It took me until after I finished watching Hitman’s Wife’s Bodyguard to remember that I had seen the 2017 action-comedy film The Hitman’s Bodyguard. That’s how forgettable the first movie was. Regardless of the star power on display, I couldn’t for the life of me remember anything about the first movie. It was released in late August 2017, during a time where studios tend to dump their weaker films, before Labor Day weekend. It somehow stuck around long enough to make $75 million domestically, and was apparently a bigger hit globally – a big enough hit that unfortunately, now we have a sequel to deal with.
The plot to Hitman’s Wife’s Bodyguard is so convoluted and stupid, it would take me so long to describe it, I might shelve this review altogether. So, today, we’re using the official plot description. Plot description courtesy of Lionsgate.
The world’s most lethal odd couple — bodyguard Michael Bryce (Ryan Reynolds) and hitman Darius Kincaid (Samuel L. Jackson) — are back on another life-threatening mission. Still unlicensed and under scrutiny, Bryce is forced into action by Darius’s even more volatile wife, the infamous international con artist Sonia Kincaid (Salma Hayek). As Bryce is driven over the edge by his two most dangerous protectees, the trio get in over their heads in a global plot and soon find that they are all that stand between Europe and a vengeful and powerful madman (Antonio Banderas). Joining in the fun and deadly mayhem is Morgan Freeman as… well, you’ll have to see.
Hitman’s Wife’s Bodyguard is one of the worst films I’ve seen this year, and one of the most unnecessary comedy sequels I could possibly imagine. This makes The Hangover Part 3 look halfway decent. You have to really be doing something wrong to make Ryan Reynolds completely unappealing, especially working well within his sweet spot of the snarky action comedy world. Reynolds still has an inescapable charm, but it has nothing to do with the character or the screenplay, this is just who he is. And it feels like he could do some really great work with Samuel L. Jackson, but these two actors need an actual script to work with, and neither of these movies are funny at all. The possibility for all of this to work is definitely there, but the execution could not be handled more poorly.
Salma Hayek as Sonia, Jackson’s love interest, now wife, was in two scenes of the first movie, and it was widely agreed at the time she was a welcome burst of energy to a floundering mess. This second film is built almost entirely around her, and she’s loud, fiery, profane and insufferable. Hayek has proven time and time again how funny she can be, most notably on 30 Rock. When gifted with quality writing, she can kind of do anything comically. However, Sonia is definitely a better in small doses character. The shrill, screaming, swearing shtick they give her becomes tiresome very quickly.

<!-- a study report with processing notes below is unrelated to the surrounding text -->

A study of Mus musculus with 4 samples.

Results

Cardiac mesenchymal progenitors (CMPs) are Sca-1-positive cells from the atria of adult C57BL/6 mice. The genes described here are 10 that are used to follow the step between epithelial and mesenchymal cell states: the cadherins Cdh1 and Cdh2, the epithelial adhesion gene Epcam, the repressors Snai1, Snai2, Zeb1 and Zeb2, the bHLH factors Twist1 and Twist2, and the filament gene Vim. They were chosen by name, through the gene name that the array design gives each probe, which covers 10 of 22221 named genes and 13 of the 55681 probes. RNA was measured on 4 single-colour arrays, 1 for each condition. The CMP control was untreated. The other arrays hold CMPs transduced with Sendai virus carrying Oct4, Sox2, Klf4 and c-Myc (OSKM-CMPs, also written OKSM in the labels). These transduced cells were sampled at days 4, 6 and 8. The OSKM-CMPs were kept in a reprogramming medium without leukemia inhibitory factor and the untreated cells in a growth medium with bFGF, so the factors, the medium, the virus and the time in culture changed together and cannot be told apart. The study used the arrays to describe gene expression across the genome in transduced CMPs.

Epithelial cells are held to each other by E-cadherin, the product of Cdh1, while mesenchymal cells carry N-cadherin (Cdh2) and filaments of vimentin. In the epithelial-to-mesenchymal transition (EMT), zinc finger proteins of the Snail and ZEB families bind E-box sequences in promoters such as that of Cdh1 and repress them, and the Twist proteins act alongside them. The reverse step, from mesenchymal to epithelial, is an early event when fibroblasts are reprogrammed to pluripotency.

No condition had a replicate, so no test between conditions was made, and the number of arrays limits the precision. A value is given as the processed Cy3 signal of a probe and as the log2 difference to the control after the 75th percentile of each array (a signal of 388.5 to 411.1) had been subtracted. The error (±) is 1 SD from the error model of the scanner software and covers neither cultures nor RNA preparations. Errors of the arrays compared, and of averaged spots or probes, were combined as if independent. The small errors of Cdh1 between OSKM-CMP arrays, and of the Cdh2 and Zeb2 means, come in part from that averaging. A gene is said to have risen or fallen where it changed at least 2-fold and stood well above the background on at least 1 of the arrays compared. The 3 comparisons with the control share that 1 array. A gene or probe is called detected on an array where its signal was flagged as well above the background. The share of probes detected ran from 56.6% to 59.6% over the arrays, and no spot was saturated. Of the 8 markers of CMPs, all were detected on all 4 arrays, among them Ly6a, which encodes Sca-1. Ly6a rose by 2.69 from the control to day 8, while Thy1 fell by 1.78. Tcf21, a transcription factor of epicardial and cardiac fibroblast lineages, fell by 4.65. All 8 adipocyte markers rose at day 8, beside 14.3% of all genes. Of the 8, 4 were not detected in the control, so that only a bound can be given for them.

We also have Morgan Freeman showing up in a capacity reviews aren’t spoiling, so I won’t either, but I can’t believe they got him to do this. Also, we have Antonio Banderas wasted completely as a Liberace-inspired, mustache-twirling villain who doesn’t have enough time to make an impression. They somehow also got Richard E. Grant to reprise his role from the first movie, even though this time he’s an Oscar nominee and is theoretically above this kind of thing, however he’s only in the movie for two seconds.
Patrick Hughes returns to the director’s chair and it seems like he hasn’t learned anything from his mistakes with the first film. He’s approaching this as a sequel to a movie everybody liked, which I can assure him is not the case. This feels like the kind of movie Paul Feig was parodying when he made Spy. This is an incredibly generic, laugh-free comedy devoid of any personality of its own. It did make me laugh once, but I doubt that was intentional.
Hitman’s Wife’s Bodyguard also reeks of that Adam Sandler Netflix movie thing where you gather his group of friends, go on vacation to an exotic destination (Italy, in this case) and just make a movie around that. Nobody really seems to care about the movie they’re making, and everyone seems to know this is just 90 minutes of people shouting expletives at each other and occasionally there’s an action set piece. Also, the action looks terrible. The viewer never once cares about what happens to any of these characters, and that’s not because of the stakes or the franchise potential here, it’s simply because the viewer does not care.
Lionsgate demanded critics see Hitman’s Wife’s Bodyguard on the big screen, and did not send out digital screening links. It also offered moviegoers paid sneak peeks the weekend before release, a tactic used by studios to help with word of mouth for projects they’re excited about. It also kicked the incredible In the Heights out of premium IMAX and Dolby Cinema formats after only one weekend. Hitman’s Wife’s Bodyguard is only further proof someone at Lionsgate is getting fired, after giving the dreadful Spiral the same treatment and throwing the potential sleeper comedy hit Barb and Star Go To Vista Del Mar on streaming. Sorry, I know this is literally the second time this week I’ve mentioned this in a review but I’m never going to get over how dirty Lionsgate did Barb and Star.
In conclusion, Hitman’s Wife’s Bodyguard will be forgotten about as quickly as The Hitman’s Bodyguard. It’s somehow worse than its predecessor, and it’s clear they want to make more of these. It’s already being touted as a box office success, which is evident of the dystopian hellscape that currently is modern cinema. It’s a forgettable, noisy, cringe-inducing and deafeningly unfunny mess that is not worth any viewer’s time or money.